Monday, 2 December 2019

James Jarché and early infrared photography

The legendary press photographer, James Jarché (coincidentally the grandfather of the Suchet brothers), was also a pioneer of infrared photography ... or infra-red as it was denoted in those days.

He tells in his memoirs that in 1932 ...
... the Editor of the Daily Herald, Mr Spooner, suggested that I should try to get a picture of an audience in a theatre, during the showing of a film, when the whole house was in darkness. [...] So I went one evening to the Carlton Theatre in the Haymarket, during the performance of 'The Sign of the Cross, to see what could be done. Mr.Short, an expert from the Ilford Photographic Plate Paper and Film Manufacturers, came with me. By a priwous arrangement with the management of the theatre, six infra-red lamps had been fitted to the balcony. [...] Hidden by the darkness, and wthout attracting any one’s attention, I shot an audience I could not see, giving nine seconds' exposure. That is less than is required to take a phbtograph in a lighted room. [...] I made several experiments that evening with different exposures, varying from six seconds to ten seconds. I was very doubtful whether they would be successful, but when I developed the plate, they were as clear and sharp as though the shots had been taken in broad daylight.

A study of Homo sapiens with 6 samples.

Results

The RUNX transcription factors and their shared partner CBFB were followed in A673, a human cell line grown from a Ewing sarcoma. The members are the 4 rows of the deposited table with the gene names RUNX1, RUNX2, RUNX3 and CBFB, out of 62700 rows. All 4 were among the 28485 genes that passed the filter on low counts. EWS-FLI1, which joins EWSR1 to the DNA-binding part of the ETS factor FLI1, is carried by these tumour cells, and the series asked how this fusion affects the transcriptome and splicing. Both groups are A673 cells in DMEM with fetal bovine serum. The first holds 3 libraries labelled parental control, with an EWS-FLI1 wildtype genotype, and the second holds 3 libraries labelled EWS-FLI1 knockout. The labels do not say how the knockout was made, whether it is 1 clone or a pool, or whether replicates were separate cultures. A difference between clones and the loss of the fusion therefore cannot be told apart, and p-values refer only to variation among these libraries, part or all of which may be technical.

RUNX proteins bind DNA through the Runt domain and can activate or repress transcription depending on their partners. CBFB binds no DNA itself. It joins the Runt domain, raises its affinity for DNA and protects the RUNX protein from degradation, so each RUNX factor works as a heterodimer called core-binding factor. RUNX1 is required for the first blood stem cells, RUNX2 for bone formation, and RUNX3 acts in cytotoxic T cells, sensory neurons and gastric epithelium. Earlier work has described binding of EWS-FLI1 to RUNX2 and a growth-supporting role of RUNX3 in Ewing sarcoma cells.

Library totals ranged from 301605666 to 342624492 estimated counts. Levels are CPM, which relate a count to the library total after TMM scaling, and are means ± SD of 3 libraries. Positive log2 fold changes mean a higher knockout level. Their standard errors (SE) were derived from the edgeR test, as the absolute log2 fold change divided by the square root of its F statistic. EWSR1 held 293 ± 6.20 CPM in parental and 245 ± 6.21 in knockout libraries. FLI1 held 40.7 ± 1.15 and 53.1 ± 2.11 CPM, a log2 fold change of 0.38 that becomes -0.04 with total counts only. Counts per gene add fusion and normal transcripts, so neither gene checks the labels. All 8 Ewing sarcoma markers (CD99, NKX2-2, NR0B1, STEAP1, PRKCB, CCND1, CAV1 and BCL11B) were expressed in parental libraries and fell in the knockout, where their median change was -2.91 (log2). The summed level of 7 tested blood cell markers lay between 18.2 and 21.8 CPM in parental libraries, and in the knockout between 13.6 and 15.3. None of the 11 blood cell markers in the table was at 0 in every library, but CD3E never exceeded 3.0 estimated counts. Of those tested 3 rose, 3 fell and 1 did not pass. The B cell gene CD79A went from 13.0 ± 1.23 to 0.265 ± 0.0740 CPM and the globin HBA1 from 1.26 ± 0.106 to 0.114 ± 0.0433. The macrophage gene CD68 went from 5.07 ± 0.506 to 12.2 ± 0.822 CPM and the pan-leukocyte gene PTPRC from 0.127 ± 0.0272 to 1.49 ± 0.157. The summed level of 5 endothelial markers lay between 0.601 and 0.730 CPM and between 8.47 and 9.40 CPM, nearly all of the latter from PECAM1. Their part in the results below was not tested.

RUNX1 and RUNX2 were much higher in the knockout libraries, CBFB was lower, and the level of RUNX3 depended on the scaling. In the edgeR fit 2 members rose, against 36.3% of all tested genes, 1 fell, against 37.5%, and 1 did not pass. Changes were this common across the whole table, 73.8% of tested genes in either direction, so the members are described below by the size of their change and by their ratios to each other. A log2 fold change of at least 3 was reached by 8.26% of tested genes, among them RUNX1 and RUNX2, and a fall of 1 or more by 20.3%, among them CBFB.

He also describes using the heat of a hot clothes iron to take an infrared image in his darkroom, with an exposure of an hour, and being asked by Ilford to photograph the plate manufacturing process (in the dark).

Some of his photos are held in the Getty collection, which you can find with this search.

He also mentions an infrared photograph of the 1932 Armistice Day commemoration at the cenotaph in London, which was taken (but not by him) using an infrared plate because of the poor weather. The image appeared in the Manchester Guardian on November 12th that year.

Jarchés autobiography, titled 'People I have Shot' is available on the internet archive, which claims that it is out of copyright. That may be the case in the USA but since he died in 1965 it will still be in copyright in the UK.